Global oil prices have risen for the fourth straight day, with US prices jumping after a government report predicted a drop in US shale-oil production.
West Texas Intermediate for May delivery, the benchmark S&P Futures contract, added US$ 1.38 (NZD$ 1.04) to close at US$ 53.29 a barrel on the New York Mercantile Exchange on Tuesday.
Brent North Sea crude for May, the global benchmark traded in London, settled at US$ 58.43 a barrel, up a modest 50 cents from Monday’s close.
“The EIA report on Monday seems to be carrying the day today,” said Robert Yawger of Mizuho Securities.
The US Department of Energy’s Energy Information Administration said that output from the country’s seven shale regions, which has been driving US crude production to a record high, looked set to fall by 57,000 barrels per day in May.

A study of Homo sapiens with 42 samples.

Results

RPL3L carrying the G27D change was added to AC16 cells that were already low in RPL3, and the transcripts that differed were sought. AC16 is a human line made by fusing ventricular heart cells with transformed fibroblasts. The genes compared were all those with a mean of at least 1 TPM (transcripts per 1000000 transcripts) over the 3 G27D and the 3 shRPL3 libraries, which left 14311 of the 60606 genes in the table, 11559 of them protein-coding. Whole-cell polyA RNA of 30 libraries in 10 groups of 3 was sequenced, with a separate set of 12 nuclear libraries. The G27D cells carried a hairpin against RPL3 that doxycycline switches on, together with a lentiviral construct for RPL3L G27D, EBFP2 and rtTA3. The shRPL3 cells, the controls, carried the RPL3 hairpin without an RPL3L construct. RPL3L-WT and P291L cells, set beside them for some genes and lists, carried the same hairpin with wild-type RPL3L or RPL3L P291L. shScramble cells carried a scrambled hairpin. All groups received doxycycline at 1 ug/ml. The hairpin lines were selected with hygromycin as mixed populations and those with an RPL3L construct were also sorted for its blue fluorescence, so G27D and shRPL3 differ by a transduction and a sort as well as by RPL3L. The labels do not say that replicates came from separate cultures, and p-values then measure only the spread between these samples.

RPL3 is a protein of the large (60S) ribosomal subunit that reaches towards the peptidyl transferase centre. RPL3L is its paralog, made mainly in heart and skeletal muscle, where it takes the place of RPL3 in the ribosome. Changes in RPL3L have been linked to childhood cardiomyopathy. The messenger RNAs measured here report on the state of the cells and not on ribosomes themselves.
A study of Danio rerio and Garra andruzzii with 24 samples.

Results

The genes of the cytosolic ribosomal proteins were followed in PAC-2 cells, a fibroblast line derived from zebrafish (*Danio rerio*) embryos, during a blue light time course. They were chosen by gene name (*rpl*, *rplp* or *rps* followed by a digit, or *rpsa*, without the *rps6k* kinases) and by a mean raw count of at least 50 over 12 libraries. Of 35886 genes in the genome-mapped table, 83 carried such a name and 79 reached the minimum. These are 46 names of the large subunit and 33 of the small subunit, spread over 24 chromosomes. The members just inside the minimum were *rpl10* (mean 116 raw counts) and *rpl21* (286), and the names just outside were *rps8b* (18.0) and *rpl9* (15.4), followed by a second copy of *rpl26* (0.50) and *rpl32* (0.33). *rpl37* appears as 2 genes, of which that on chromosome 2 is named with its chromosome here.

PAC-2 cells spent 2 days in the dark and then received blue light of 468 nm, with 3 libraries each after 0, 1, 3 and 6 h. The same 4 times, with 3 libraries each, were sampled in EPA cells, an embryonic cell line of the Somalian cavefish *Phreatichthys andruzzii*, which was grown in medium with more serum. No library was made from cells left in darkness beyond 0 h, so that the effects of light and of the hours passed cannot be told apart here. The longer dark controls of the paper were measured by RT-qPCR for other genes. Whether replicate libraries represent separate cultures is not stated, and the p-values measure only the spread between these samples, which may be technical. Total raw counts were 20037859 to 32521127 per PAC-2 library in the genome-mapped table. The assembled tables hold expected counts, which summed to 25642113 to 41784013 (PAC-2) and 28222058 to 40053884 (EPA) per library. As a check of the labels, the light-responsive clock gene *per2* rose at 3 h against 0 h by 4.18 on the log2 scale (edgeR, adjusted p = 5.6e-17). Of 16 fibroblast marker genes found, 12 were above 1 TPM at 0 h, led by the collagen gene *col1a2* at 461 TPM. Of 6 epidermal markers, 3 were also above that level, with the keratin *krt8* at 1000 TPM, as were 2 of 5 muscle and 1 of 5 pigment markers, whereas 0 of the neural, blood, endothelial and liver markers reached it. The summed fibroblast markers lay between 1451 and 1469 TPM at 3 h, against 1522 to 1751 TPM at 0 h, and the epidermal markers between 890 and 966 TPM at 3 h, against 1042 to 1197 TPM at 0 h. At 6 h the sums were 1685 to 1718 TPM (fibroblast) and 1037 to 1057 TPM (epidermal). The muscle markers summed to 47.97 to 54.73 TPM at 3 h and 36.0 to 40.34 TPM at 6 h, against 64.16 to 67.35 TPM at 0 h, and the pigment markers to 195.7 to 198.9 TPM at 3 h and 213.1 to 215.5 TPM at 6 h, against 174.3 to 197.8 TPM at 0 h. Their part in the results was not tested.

Analysts noted it was the first time the EIA had projected a drop since it began the monthly drilling productivity report in 2013.
“This is adding credence to the belief that lower prices and the precipitous drop in the rig count are finally impacting production, sending prices to test the highs last seen in early February,” said Matt Smith of Schneider Electric.
But Commerzbank analysts underscored the limited impact in the context of the copious global supply that has pushed prices about 50 per cent lower since mid-2014.
“Compared to the current oversupply of up to two million barrels per day … this would be but a drop in the ocean,” they said in a research note.
Traders also expected another rise in US crude inventories to new record highs in Wednesday’s DoE report.
Tim Evans of Citi Futures predicted US crude stocks would rise by as much as four million barrels for the week ended April 10, including another gain at the Cushing, Oklahoma, delivery point for WTI futures.